Eleventh Circuit Aff ...

Eleventh Circuit Affirms Summary Judgment for UIM Insurer in Alabama Bad Faith Case.

September 26, 2022 | by David Fawal

In a recent unpublished opinion, the 11th Circuit upheld summary judgment for an auto insurer on claims of breach of contract, bad faith and outrage stemming from an underinsured motorist (UIM) claim. Voss v. State Farm Mut. Auto. Ins. Co., No. 22-10243 (11th Cir. Aug. 17, 2022). The case arose from Alabama’s unique UIM case law allowing a UIM insurer to “front” or advance an alleged tortfeasor’s settlement offer, forcing the UIM insured to prove entitlement to UIM policy proceeds, through showing liability by the tortfeasor and the amount of damages.

In Voss, after noting a dispute as to liability, State Farm followed the procedure dictated by the Alabama Supreme Court in Lambert v. State Farm Mut. Auto. Ins. Co., 576 So. 2d 160 (Ala. 1991), fronted the other driver’s low limits offer, and forced Voss to proceed to trial against the tortfeasor to prove liability. The case went to trial and resulted in a $1.9 million verdict in favor of Voss. State Farm promptly paid its UIM limits after the verdict.

Voss sued State Farm anyway, claiming State Farm should not have forced him to try the case against the tortfeasor before paying its UIM limits, and moreover, that State Farm failed to properly investigate the UIM claim before deciding to “front” the tortfeasor’s settlement offer. The District Court disagreed, granted summary judgment for State Farm on all counts, and the 11th Circuit affirmed in full.

The 11th Circuit opinion noted the Alabama requirement that a UIM insured must be “legally entitled to recover from the driver of the underinsured vehicle” before being entitled to UIM benefits. (Slip op. at 7). The Court ruled that “Voss did not prove that he was legally entitled to recover from [the alleged tortfeasor] until after trial – at which point State Farm paid him.” Id. The 11th Circuit concluded that the District Court properly granted summary judgment to State Farm because State Farm did not breach the contract. There is an alternative method for a UIM insured to show he is legally entitled to recover – through providing “substantial evidence” that the underinsured driver was liable. The 11th Circuit found that Voss failed to do so. (Slip op., fn 5).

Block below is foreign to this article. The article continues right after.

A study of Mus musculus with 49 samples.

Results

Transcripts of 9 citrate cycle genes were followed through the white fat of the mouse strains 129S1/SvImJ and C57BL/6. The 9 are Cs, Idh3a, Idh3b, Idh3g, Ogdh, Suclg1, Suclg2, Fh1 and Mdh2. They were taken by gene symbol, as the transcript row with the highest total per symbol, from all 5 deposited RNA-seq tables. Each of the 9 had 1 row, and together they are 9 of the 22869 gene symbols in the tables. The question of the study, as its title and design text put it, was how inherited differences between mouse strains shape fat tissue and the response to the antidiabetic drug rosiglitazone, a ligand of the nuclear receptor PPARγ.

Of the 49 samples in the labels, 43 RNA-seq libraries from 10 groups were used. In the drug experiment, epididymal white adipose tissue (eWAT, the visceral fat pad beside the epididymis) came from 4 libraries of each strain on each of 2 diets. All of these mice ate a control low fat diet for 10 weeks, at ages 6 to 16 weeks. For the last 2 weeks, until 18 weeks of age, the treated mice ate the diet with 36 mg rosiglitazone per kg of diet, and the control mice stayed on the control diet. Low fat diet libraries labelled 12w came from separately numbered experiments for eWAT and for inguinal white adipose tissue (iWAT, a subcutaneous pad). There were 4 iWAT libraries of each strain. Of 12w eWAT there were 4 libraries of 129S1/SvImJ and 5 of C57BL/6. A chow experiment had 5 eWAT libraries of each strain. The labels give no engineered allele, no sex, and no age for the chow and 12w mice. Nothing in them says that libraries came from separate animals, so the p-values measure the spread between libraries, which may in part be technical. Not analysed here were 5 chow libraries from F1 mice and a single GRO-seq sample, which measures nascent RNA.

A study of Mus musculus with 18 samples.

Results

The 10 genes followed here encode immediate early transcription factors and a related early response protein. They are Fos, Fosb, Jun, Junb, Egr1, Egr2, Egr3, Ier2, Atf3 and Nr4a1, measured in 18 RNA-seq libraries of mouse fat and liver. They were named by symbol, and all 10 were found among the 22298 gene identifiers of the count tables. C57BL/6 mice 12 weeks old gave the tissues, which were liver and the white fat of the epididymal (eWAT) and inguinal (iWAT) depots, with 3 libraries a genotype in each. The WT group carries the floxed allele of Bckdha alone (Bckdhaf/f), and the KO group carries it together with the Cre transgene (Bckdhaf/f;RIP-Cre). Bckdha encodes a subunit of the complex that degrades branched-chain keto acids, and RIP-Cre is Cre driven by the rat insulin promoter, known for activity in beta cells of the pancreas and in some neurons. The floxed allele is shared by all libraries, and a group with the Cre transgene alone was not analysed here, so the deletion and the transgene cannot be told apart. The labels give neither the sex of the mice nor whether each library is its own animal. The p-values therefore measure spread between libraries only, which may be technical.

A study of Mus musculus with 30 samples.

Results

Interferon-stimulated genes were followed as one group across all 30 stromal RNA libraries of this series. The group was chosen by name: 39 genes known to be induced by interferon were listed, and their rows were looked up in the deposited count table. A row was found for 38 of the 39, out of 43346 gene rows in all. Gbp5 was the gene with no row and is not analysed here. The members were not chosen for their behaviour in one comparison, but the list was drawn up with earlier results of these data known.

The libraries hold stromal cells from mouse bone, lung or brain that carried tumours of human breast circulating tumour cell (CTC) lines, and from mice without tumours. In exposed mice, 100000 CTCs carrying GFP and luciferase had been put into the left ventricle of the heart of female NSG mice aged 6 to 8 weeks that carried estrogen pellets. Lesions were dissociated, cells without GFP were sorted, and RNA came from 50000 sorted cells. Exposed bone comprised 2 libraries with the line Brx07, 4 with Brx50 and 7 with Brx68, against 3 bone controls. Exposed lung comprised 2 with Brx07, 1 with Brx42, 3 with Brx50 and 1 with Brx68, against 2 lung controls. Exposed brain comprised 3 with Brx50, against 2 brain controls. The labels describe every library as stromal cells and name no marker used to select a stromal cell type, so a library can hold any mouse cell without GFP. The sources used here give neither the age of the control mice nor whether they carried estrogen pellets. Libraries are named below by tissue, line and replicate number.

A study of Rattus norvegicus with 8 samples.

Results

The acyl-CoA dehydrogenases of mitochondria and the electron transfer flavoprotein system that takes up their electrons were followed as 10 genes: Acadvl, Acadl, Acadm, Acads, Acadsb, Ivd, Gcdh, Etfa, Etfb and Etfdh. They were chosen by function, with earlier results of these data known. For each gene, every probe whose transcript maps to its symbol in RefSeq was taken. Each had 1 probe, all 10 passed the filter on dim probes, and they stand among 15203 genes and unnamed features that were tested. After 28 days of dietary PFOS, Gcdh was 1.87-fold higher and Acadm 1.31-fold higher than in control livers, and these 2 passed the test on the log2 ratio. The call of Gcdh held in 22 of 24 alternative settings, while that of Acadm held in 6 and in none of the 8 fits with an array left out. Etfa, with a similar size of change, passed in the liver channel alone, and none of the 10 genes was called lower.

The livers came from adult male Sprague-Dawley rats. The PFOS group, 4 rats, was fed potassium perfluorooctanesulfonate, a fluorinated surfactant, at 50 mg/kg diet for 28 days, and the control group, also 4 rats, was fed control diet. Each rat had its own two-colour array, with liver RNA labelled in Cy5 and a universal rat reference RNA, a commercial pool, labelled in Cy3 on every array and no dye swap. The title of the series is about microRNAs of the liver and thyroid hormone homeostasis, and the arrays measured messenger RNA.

As for Voss’s claim that State Farm failed to properly investigate the UIM claim, the 11th Circuit reiterated Alabama law that “the tort of bad faith requires proof of the … absence of legitimate reason for denial.” (Slip op. at 8, quoting State Farm Fire and Cas. Co. v. Brechbill, 144 So. 3d 248, 258 (Ala. 2013). The 11th Circuit ruled that a jury could not find State Farm had no “legitimate reason” for requiring Voss to litigate, and that “State Farm was within its rights to ‘insist that a jury determine liability and damages.’” (Slip op. at 8, quoting Ex parte Allstate Prop. & Cas. Ins. Co., 300 So. 3d 1124, 1126 (Ala. 2020)).

The Voss opinion is a good reminder that UIM claims are a different breed in Alabama. The UIM insurer is in a quasi-adversarial role with its own insured, much different from the traditional insurer-insured relationship. The UIM insurer is allowed to “stand in the shoes” of the alleged tortfeasor and contest liability and damages, and should not be subjected to breach of contract and bad faith liability for doing so. The 11th Circuit opinion in Voss reaffirmed this principle.